French mayors impose stricter rules for pesticides on farms


The mayors of 10 municipalities have introduced new regulations against the use of pesticides under local laws against hazardous waste disposal and neighborhood disturbances.

The mayors of Arcueil, Bagneux, Cachan, Gennevilliers, L’île-Saint-Denis, Malakoff, Montfermeil, Nanterre, Savigny-le-Temple and Sceaux – all municipalities of Ile-de-France – presented the new decree on 3rd of March.

The new decree has three articles:

  • First, farmers who use pesticides should be responsible for the disposal of wastes containing traces of the chemicals they use.
  • Second, farmers cannot use pesticides if they cannot guarantee that the chemicals will not spread to neighboring land.
  • And third, mayors and collective members are allowed to report when violations of these rules have occurred.

President of the Collectif des maires anti-pesticides, and deputy mayor of Sceaux, Florence Presson declared that a model decree “is available to all municipalities wishing to act in the same way” on collective website.

New rule relies on local authorities

It follows a ruling by the French Council of State at the end of 2020 according to which mayors do not have the power to ban pesticides in their municipalities.

He said such decisions could only be taken at the national level by the state.

Read more: Local anti-pesticide laws are not allowed in France

But the mayors say they are entitled to introduce the new decrees under a European Commission rule that defines pesticide waste as “hazardous”.

They were also inspired by a similar decree filed on January 11 in La Montagne, a town of 6,200 inhabitants in Loire-Atlantique.

Mayor of La Montagne Fabien Gracia noted: “The decree comes directly under the authority of the town hall, in particular waste management and neighborhood disturbances.

“The dispersion of pesticides must be controlled so that there is no question of products being spilled on people who have not asked for them.

“To prohibit this decree would be to say that a neighbor who paints his wall and also puts paint on my wall is not responsible for his actions.”

Grenoble introduces the pesticide rule

Grenoble, in south-eastern France, also recently updated local rules on the use of pesticides, following a 2019 decree that banned the use of pesticides on commune land. .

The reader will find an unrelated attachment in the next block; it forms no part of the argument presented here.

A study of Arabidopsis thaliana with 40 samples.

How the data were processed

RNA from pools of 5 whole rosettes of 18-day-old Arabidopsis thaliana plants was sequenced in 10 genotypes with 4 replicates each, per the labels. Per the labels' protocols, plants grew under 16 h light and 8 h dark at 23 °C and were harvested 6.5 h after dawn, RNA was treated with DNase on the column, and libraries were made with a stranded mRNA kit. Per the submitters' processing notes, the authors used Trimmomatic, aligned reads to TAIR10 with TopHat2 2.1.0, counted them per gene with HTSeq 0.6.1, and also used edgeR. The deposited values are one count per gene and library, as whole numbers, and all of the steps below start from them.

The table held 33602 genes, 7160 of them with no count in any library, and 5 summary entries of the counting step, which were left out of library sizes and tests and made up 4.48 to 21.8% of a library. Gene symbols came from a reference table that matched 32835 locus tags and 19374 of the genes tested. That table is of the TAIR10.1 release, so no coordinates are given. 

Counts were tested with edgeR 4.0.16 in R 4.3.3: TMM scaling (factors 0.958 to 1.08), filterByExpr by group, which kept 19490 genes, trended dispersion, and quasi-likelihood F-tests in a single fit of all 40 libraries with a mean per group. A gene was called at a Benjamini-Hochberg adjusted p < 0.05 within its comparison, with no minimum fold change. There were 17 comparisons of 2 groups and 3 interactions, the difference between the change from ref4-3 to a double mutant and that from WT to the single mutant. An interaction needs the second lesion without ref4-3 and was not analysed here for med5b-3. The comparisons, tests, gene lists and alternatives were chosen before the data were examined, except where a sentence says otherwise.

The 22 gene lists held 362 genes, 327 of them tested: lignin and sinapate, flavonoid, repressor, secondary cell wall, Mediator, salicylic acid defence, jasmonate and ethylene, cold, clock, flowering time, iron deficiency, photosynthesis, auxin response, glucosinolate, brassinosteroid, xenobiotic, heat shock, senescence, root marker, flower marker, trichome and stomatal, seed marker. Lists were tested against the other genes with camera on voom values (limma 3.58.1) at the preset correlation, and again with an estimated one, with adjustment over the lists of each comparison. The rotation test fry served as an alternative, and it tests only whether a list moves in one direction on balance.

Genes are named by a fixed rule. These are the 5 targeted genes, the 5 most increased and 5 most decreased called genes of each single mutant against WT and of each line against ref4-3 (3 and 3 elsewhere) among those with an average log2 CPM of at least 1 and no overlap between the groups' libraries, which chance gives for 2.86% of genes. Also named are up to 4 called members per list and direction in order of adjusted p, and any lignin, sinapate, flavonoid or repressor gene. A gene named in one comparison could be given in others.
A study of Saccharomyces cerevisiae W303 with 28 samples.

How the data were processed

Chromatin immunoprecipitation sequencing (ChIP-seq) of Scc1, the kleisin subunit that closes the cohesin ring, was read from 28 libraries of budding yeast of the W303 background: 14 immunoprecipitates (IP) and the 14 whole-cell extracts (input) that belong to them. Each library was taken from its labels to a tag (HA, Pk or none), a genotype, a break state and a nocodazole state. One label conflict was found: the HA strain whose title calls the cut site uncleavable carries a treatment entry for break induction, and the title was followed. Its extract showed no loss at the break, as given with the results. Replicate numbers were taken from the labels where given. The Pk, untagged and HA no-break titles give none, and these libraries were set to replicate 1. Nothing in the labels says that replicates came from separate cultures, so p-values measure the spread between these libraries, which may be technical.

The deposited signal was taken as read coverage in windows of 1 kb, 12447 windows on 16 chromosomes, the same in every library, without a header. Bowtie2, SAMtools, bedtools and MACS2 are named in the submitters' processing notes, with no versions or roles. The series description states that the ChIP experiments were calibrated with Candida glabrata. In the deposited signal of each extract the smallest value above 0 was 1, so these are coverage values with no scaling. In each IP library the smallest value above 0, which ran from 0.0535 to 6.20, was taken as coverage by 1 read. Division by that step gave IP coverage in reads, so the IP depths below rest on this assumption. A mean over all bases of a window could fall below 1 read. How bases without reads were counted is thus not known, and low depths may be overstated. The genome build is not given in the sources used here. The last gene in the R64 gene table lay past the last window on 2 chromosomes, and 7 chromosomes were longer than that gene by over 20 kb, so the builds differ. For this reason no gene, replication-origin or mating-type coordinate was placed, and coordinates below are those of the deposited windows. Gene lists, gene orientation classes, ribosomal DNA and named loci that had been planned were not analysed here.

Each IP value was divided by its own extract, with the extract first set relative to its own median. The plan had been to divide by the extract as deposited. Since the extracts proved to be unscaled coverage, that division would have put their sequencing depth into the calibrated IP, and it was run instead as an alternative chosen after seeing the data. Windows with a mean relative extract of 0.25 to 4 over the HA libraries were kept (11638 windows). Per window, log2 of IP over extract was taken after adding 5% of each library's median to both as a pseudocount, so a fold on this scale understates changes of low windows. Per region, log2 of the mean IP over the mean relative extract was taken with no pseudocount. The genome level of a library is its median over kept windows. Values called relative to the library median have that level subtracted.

Following the decision of the Council of State, the local authorities updated the decree on February 22 to say that, as in La Montagne, pesticides were now strictly subject to the rules of waste management and noise pollution.

Mayor Éric Piolle noted: “Substances from pesticides end up in water, gardens and homes, and people’s lungs… those who use pesticides must be responsible for controlling and disposing of them.

Negative response from the authorities

Environmentalists have even suggested that mayors invoke a constitutional right to protect citizens from pesticides.

Daniel Ibanez of the environmental group Friends of the Earth said that, as stated in the French constitution: “Freedom is the power to do anything that does not harm others, such as leaving garbage on a neighbor’s property.

“This decree aims to protect people.

But the prefectural authorities of Loire-Atlantique did not agree.

The prefecture sent a letter to the mayor of La Montagne asking him to withdraw the order within 48 hours.

He said pesticides were products that had been created with “a specific purpose” that disqualified them from the category of waste.

But the mayor has not withdrawn the order and will appear before an administrative court to decide the case.

More than 100 mayors have tried to enforce local rules restricting the use of pesticides since 2019.